Setting a Water Budget

There are several different approaches, methods, and technologies that can be used to establish water budgets, which are the specific amount of water allotted to each customer. Each agency uses slightly different equations to calculate these water budgets and commonly allocations are separated into indoor water use and outdoor use. Equations may also differ depending on the source of water; for instance, recycled water versus potable water. Beyond that, the different customer classes (e.g., residential, dedicated irrigation, commercial, industrial, and institutional or public) often utilize different calculations.

Each water budget equation needs specific data on each customer in order to develop a water allocation unique to that customer’s water needs. This data may be measured for each customer or estimated using a variety of sources and analysis techniques, depending on the data in question. The indoor water budget generally relies on information on the number of people per household and the amount of water each person uses each day. The outdoor water budget focuses on determining the landscaped or irrigated area, the evapotranspiration rate, and the monthly conservation factor (or crop coefficient) often based on state guidelines for outdoor landscaping. However, these data needs may change based on the customer type and source of water.


Changes to data once a water budget is established is discussed further in Variances and Long-Term Maintenance »

In many cases, customers are contacted first to confirm data even before BBRs are implemented. Case studies where this occurred may be found below as well as in Customer Outreach, Support, and Service » .

The following pages, by agency, describe the basis for establishing water budgets under a number of different conditions, the technologies used to acquire and process necessary data, and different methods to apply water budgets based on an agency’s specific needs.

Easter Municipal
Water District
As the State releases stricter landscape water use guidelines through MWELO, EMWD adopts a new, lower conservation factor for new water accounts. Each new factor reduces the outdoor water budget, thereby promoting more efficient landscaping and watering. As of June 2015, EMWD has 4 conservation factors. img
Elsinore Valley
Municipal Water District
EVMWD discusses its structure and some of its implementation assumptions. For instance, a seasonality factor helps outdoor budgets remain consistent from month to month. The persons per household baseline was set higher than the Census to ensure fairness. Irrigated area is initially assumed to be 60% of the parcel area. img
Irvine Ranch Water District IRWD discusses how it sets up water budgets, including landscape area, indoor allocation, and modifications since adoption for updated plumbing codes and increased conservation efforts. Recycled water and CII customers’ budgets are likewise described. img
Las Virgenes Municipal
Water District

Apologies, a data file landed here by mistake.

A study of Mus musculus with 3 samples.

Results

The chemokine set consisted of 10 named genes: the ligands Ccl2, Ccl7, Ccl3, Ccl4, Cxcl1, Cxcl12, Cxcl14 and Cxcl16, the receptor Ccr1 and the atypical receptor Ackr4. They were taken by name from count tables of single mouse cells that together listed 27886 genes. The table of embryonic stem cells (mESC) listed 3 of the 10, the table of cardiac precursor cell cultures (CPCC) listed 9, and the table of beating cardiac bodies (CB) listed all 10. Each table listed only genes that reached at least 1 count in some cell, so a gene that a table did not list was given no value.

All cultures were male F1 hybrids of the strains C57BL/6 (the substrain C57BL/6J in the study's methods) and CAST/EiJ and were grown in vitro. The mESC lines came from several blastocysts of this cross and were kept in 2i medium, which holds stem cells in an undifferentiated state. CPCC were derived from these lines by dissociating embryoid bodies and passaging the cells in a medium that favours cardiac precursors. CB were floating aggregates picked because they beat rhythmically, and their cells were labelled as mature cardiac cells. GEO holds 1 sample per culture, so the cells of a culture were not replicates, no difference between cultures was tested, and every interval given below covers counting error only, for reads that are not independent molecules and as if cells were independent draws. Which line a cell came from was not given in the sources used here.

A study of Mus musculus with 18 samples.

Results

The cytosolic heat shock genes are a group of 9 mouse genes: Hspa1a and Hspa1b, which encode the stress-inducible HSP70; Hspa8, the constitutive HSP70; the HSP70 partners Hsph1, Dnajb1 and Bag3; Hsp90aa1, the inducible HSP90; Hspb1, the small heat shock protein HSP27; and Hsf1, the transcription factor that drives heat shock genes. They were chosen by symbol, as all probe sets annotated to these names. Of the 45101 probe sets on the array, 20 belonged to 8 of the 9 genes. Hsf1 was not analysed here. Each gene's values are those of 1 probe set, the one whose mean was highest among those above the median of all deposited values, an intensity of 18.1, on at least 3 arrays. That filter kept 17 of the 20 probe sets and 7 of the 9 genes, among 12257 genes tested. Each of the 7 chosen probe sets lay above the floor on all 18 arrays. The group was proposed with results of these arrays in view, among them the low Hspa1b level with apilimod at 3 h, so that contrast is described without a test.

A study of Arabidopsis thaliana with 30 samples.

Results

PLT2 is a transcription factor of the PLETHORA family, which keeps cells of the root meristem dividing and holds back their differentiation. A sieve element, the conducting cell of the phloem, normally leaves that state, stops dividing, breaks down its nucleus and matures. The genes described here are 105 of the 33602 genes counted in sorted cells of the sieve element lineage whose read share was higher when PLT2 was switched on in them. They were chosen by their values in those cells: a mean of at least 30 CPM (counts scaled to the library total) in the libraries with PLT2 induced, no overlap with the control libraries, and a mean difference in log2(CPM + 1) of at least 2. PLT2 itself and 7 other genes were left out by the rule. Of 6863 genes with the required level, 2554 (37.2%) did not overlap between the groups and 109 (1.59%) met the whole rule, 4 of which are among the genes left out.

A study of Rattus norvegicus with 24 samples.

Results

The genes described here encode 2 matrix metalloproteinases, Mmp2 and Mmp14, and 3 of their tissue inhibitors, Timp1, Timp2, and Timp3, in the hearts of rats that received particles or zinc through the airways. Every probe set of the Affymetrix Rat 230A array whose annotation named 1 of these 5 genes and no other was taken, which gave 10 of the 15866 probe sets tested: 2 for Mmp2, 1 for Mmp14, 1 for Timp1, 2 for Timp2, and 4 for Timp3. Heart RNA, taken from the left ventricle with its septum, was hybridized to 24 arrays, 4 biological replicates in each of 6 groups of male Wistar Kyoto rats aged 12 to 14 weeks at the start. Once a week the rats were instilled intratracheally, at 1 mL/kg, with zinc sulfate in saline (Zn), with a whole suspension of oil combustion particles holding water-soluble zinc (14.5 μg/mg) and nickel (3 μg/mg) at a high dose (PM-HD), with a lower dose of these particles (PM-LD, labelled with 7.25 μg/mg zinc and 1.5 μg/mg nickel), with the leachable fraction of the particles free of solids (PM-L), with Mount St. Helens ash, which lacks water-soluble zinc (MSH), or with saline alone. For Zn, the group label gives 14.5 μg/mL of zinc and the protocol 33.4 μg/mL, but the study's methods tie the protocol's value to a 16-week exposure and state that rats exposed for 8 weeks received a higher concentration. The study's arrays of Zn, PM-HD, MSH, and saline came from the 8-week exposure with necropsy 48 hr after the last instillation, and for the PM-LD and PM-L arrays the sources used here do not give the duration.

Equations for residential, irrigation, commercial, and recycled water customers are described. LVMWD determines irrigated area using four-band aerial imagery. Lessons learned and issues that came up (e.g., time of year to capture imagery, right- of-way lines, and multi-family complexes) are described. img
Rancho California
Water District
RCWD uses rolling budgets, which allow
customers to make up for wasteful water use with extra efficient use within the same fiscal year. The two-step billing process was suspended during the drought.
Valencia Water Company CPUC approved VWC’s residential and dedicated irrigation water budgets. Outdoor water budgets for both are split up to limit certain types of landscaped areas. For residential customers, the crop coefficient requires more efficiency past the first 2,500 square feet of landscaped area and customers are limited to 10,000 square feet. For dedicated irrigation customers, areas of active play and areas with edible plants have a lower crop coefficient. img
Western Municipal
Water District
The indoor and outdoor water budgets for WMWD’s customers include different default values for household size, GPCD, and annual average ET adjustment factor (e.g., budget adjustment coefficient using MWELO). CII customers have budgets based on a three year rolling average. img

Evapotranspiration (ET), as mentioned above, is a typical component of the outdoor water budget equation, but there are different ways to determine the ET value to use for an individual customer. Typically, reference ET (ETo) is determined from meteorological data or pan evaporation and is based on a standardized vegetation. Crop-specific ET can then be calculated based on the unique crops observed in the region. Agencies have a variety of different ways to determine the evapotranspiration, as discussed in Evapotranspiration Data Sources »

Water agencies have been severely impacted by the ongoing drought that began in 2012. Some agencies have restricted water use and encouraged greater conservation via water budgets, as discussed in Relation to Drought Response/Water Shortage » These techniques, though specific to the current drought, also apply during any water shortage situation.